The Qantas First Lounge menu goes five star for flavour

The food we enjoy away from home is a large portion of our travel experience. Be it fresh seafood on the Amalfi coast, a spicy som tam salad on a street in Bangkok or slow-cooked carnitas from a shack in Jalisco, Mexico; these are the culinary memories that last through a lifetime. 

It's an approach taken up in full by Qantas who recently unveiled their spring menu for their elite Qantas First Lounge. To say it's bursting with greens is a mild understatement.

"We start with what we know is great," said Alex Woolley, of Neil Perry's The Rockpool Group, who have been designing Qantas First Class menus for 22 years. "We work closely with Neil and the head chefs from his restaurants, which really informs where we want to go and what we want to do.

"We discuss what's good and take advice on any great suppliers they see through their restaurants – they see a lot and have people knocking on their door with great Australian produce. That's where we start our design.

"He also gives us clear direction on what's coming up in the next year, in our country or overseas, and what he thinks will suit what Qantas offers."

Abundance of flavour

While there are stalwart dishes on the First Lounge menu – like the salt and pepper squid or the club sandwich, either of which would cause riots were they ever to be removed – the new spring dishes display a concerted effort to capitalise on Australia's abundant fresh produce.

Seasonal greens – like asparagus, watercress, kale, snap peas, beans and peas – are so fresh they crack and pop in the mouth; while the sauces and marinades are so delicate they enhance flavours without dominating the palate.

Your day on a plate

If you're passing through around breakfast time, try a reimagining of the traditional breakfast bowl: warm kale and sorrel salad with poached egg, avocado, quinoa, sesame and linseed.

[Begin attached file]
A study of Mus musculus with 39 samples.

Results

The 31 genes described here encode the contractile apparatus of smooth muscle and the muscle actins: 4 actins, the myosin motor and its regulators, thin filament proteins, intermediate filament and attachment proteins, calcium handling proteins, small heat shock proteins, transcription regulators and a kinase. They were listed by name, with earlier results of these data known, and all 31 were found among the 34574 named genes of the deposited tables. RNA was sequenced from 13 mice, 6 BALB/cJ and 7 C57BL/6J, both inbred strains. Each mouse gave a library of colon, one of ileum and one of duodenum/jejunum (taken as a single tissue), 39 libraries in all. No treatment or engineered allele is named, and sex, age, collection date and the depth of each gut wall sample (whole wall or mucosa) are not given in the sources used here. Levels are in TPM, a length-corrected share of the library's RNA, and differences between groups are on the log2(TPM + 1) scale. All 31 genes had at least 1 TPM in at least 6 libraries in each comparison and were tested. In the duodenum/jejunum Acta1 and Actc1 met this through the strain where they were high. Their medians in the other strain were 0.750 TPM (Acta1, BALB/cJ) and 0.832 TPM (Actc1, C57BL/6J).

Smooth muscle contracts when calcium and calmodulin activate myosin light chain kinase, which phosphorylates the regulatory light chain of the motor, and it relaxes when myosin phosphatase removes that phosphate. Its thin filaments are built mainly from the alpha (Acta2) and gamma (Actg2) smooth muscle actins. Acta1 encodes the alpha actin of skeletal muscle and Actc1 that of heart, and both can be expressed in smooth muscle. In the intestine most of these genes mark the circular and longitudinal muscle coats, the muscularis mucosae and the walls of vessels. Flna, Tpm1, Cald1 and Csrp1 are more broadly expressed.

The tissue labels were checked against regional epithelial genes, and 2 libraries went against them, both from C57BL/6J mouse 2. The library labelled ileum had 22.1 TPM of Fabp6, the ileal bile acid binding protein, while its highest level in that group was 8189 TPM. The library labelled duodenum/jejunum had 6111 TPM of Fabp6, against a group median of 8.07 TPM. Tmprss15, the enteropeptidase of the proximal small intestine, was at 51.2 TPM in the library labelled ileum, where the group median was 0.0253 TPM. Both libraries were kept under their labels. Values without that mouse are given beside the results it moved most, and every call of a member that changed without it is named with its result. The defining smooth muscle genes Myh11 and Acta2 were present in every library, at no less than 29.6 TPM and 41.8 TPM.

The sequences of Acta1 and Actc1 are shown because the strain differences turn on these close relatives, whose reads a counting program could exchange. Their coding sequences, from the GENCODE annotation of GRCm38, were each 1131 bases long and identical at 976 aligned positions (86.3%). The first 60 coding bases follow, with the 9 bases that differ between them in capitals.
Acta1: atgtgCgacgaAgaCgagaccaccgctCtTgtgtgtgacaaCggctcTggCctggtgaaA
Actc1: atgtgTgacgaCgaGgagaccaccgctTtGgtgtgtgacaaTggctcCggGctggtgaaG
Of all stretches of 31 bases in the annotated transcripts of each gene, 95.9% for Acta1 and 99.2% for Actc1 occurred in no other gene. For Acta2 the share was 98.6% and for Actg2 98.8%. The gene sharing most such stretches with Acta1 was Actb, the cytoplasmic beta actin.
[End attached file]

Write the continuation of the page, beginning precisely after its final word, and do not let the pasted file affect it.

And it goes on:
Later in the day, give the roasted field mushrooms with green lentils, shallots and sugar snap peas a shot if you seek a light alternative to heavier fare; the comforting flavour of the mushrooms allowed to shine above the simple taste of the peas and shallots.


For those keen on a hit of protein, the slow-cooked beef brisket is not to be passed. So tender and buttery, you'll find it playfully paired with pickled daikon, shallots, sesame and ginger to create a fusion experience that challenges the traditional flavours of the humble burger.

Taste test

What will strike you about each meal across the spring menu is the keen balance of flavours and textures. From the crunch of a snow pea to the tenderness of the white miso ramen noodles, each ingredient plays its role in creating a memorable flavour experience.

"Textures are extremely important," said Woolley. "Contrast provides interest and sometimes flavour. If you're thinking [the texture's] all a bit the same or it's not that interesting, it won't deliver on flavour.

"So, we want to use contrasting textures to heighten your experience. Sometimes you want a singular experience if you have something very simple, but usually we consider texture at every part of our process – is it what we need, will it make a dish better?"

"We also look at how people from different cultures view these experiences of texture - what will our customers think, where are we serving it, what time of day? – it's all part of the consideration."

Just desserts

If you have room left after main course – that green chilli dipping sauce served with the salt and pepper squid may just see you ordering seconds and thirds - the seasonal offering extends into Qantas' traditional pavlova, with fresh figs playing the hero of the moment.

For something a little more adventurous, the pineapple and mango salad with coconut, ginger and chamomile sorbet is a blend of subtle flavours guaranteed to excite the tastebuds.

The writer flew to Sydney as a guest of Qantas.